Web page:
Return of the Obra Dinn: Review
Return of the Obra Dinn is the newest title released by indie developer Lucas Pope, and his first game since 2013’s Papers Please. The premise of the game revolves around the reappearance of the Obra Dinn, an East India Trading Company ship thought to have been lost at sea 5 years prior. The player takes the role of an insurance adjuster sent by the Company to determine the fate of the ship and its crew, and although making an appraisal for the sake of insurance claims may not sound like the most engaging of gameplay, players are also provided with two interesting gifts from a mysterious benefactor. One is a log book containing a crew roster with names and positions, sketches of the crew members, and a layout of the ship. The second is a strange pocket-watch device called the Memento Mortem that is able to view the last moments leading up to a person’s death upon the discovery of their corpse. You only hear a few seconds of sound and/or dialog before you are allowed to investigate the final instant of their life now frozen in time. By utilizing all of these tools, it is the player’s job to fill out the blank chapters of the log book detailing the fates of the Obra Dinn’s crew. This means matching the faces from the etchings to a name, determining how or if they died, and who or what was responsible. Your ultimate goal is to unravel the full extent of the mystery of what exactly happened to the good ship Obra Dinn.
Return of the Obra Dinn is everything a great mystery game should be; it’s atmospheric, packed full of small details and clues, and just difficult enough to keep you invested without becoming tedious. That being said, the game doesn’t hold your hand by any means. For instance, you need to guess fates correctly in groups of three in order for the game to validate your findings. This means you won’t know whether you’ve come to the right conclusion until you’ve already discovered the truth about two other crew mates. Additionally, the story is put together in a non-linear fashion with the player accessing memories taking place at different points during the voyage. While everything you need to know to solve the mystery is there for you to discover, it may take multiple visits to some areas before you pick up on some of the more subtle hints. I found this out the hard way when, after accessing all of the available memories of the deceased crew, I was given the option to disembark from the ship. Thinking this was the end of the game, I looked at the log book and realized I had only solved the fates of about a third of the crew. Before that moment the game had felt pretty straight forward in terms of investigating, but now I saw I would have too look much closer than I had before. This resulted in some seriously satisfying “eureka!” moments when the pieces suddenly began to fall into place. Seemingly innocuous details turned out to be critical in deducing the identities of some crew members, especially during the end game when clues are sparse. You’ll have to rely heavily on your deductive reasoning skills at this point and some fates can really only be discovered through process of elimination - I got some lucky guesses on more than a few of them.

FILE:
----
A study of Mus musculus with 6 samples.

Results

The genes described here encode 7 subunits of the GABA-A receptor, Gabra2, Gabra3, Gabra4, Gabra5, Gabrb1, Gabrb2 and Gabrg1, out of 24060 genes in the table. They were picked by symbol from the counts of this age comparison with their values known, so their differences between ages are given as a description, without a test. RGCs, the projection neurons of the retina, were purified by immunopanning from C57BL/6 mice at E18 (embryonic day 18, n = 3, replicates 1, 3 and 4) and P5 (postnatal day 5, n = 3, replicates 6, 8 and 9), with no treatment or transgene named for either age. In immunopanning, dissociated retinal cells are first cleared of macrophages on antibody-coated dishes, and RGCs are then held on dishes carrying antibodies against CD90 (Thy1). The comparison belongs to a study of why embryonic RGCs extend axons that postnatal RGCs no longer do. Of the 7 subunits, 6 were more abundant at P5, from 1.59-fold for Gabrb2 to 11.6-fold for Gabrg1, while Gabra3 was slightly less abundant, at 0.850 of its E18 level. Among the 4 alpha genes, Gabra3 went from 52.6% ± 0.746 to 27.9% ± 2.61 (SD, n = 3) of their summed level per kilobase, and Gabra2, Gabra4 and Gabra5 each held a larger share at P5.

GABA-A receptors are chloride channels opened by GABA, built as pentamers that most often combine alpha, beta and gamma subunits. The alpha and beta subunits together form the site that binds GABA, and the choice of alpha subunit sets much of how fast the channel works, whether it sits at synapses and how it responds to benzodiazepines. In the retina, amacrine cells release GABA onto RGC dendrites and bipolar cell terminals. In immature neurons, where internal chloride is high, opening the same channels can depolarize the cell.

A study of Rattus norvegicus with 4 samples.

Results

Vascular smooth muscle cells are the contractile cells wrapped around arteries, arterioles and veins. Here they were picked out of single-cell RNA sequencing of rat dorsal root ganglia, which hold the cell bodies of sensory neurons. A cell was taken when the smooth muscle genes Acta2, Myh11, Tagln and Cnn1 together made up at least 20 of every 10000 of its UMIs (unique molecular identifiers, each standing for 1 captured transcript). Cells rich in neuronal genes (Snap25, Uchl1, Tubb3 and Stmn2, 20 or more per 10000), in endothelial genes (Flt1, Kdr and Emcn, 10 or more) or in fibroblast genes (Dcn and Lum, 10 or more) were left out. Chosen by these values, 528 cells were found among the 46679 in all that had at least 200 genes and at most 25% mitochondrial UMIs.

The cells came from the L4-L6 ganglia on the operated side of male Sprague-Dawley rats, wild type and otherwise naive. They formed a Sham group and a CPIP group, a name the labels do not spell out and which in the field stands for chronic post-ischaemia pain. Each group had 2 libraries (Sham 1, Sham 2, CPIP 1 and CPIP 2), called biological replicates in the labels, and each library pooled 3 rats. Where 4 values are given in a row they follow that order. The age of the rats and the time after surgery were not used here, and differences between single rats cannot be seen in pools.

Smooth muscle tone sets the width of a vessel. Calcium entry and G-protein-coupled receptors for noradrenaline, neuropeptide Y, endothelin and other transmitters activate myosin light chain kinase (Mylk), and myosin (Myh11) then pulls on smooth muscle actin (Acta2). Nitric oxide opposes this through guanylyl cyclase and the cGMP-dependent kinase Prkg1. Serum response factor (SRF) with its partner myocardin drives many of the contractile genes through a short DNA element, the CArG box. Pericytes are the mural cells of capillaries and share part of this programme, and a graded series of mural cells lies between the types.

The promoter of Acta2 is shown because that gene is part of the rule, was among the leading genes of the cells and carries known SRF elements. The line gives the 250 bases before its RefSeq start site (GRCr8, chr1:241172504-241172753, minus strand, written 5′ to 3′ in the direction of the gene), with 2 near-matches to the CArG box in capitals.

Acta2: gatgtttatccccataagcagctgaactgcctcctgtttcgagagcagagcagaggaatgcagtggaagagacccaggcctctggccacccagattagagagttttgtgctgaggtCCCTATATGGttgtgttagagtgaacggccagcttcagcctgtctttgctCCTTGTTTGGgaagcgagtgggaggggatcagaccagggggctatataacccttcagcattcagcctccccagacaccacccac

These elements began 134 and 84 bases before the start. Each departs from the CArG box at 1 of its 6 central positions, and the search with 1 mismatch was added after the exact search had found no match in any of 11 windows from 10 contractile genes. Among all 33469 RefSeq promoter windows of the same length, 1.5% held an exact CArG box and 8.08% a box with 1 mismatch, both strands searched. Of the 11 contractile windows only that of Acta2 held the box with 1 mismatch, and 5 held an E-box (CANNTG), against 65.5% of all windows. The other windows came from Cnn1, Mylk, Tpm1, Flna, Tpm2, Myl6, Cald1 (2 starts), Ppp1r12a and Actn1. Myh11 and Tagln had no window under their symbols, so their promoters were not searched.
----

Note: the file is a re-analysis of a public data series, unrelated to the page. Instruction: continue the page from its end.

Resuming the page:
Atmosphere and presentation also go a long way in setting the tone for a good mystery, and luckily this game also excels in this regard. One of the first things you’ll take notice of when starting Obra Dinn is its unique visual style. The black and white “dithering” art design is actually reminiscent of the sort of etchings one would see from a 18th century sketch book. Developer Tom Pope stated that he was inspired by the aesthetic of the 1-bit graphics used in early Macintosh games and wanted to make a game that would let you navigate it in 3D space. The ship itself is impeccably rendered with a staggering amount of detail, down to every individual crew members’ respective quarters. For me the real stand out feature for this game was the sound design: every floor of the Obra Dinn features a completely separate ambient soundtrack fitting its location on the ship. On the main deck the sound of waves crashing and the wind blowing are most prominent, while the lower you go the louder the creaks and moans of the old wooden ghost ship become. The sounds of the ocean become muffled as you enter the lower decks below the waterline. The audio during the memory scenes can also be a clue unto itself, as the volume of a character’s voice can be indicative of their relative position in the scene, while the grisly sound of a knife being stabbed into someone’s abdomen can hint at the nature of their demise. The voice acting is also quite commendable and I give a ton of credit to Pope for using voice actors with accents fitting their character’s nationality in the game, thus making the dialogue feel that much more authentic. If I had any complaints about my experience, it might be that the graphics can be little hard on the eyes because of the extreme contrast between light and dark, and I had to take a break after a while because it was starting to giving me a headache. Also due to its nature as a mystery there is little reason to revisit the game once you’ve completed it in its entirety.
Overall, I highly recommend Return of the Obra Dinn for any fans of mystery and/or puzzle games. Being the product of a one man development team, it shows an incredible amount of dedication and passion and I hope this work ethic persists in any future projects Mr. Pope undertakes. I have not yet had the opportunity to play his previous release Papers Please but based on my experience with Obra Dinn you can rest assured I will be checking it out in the near future.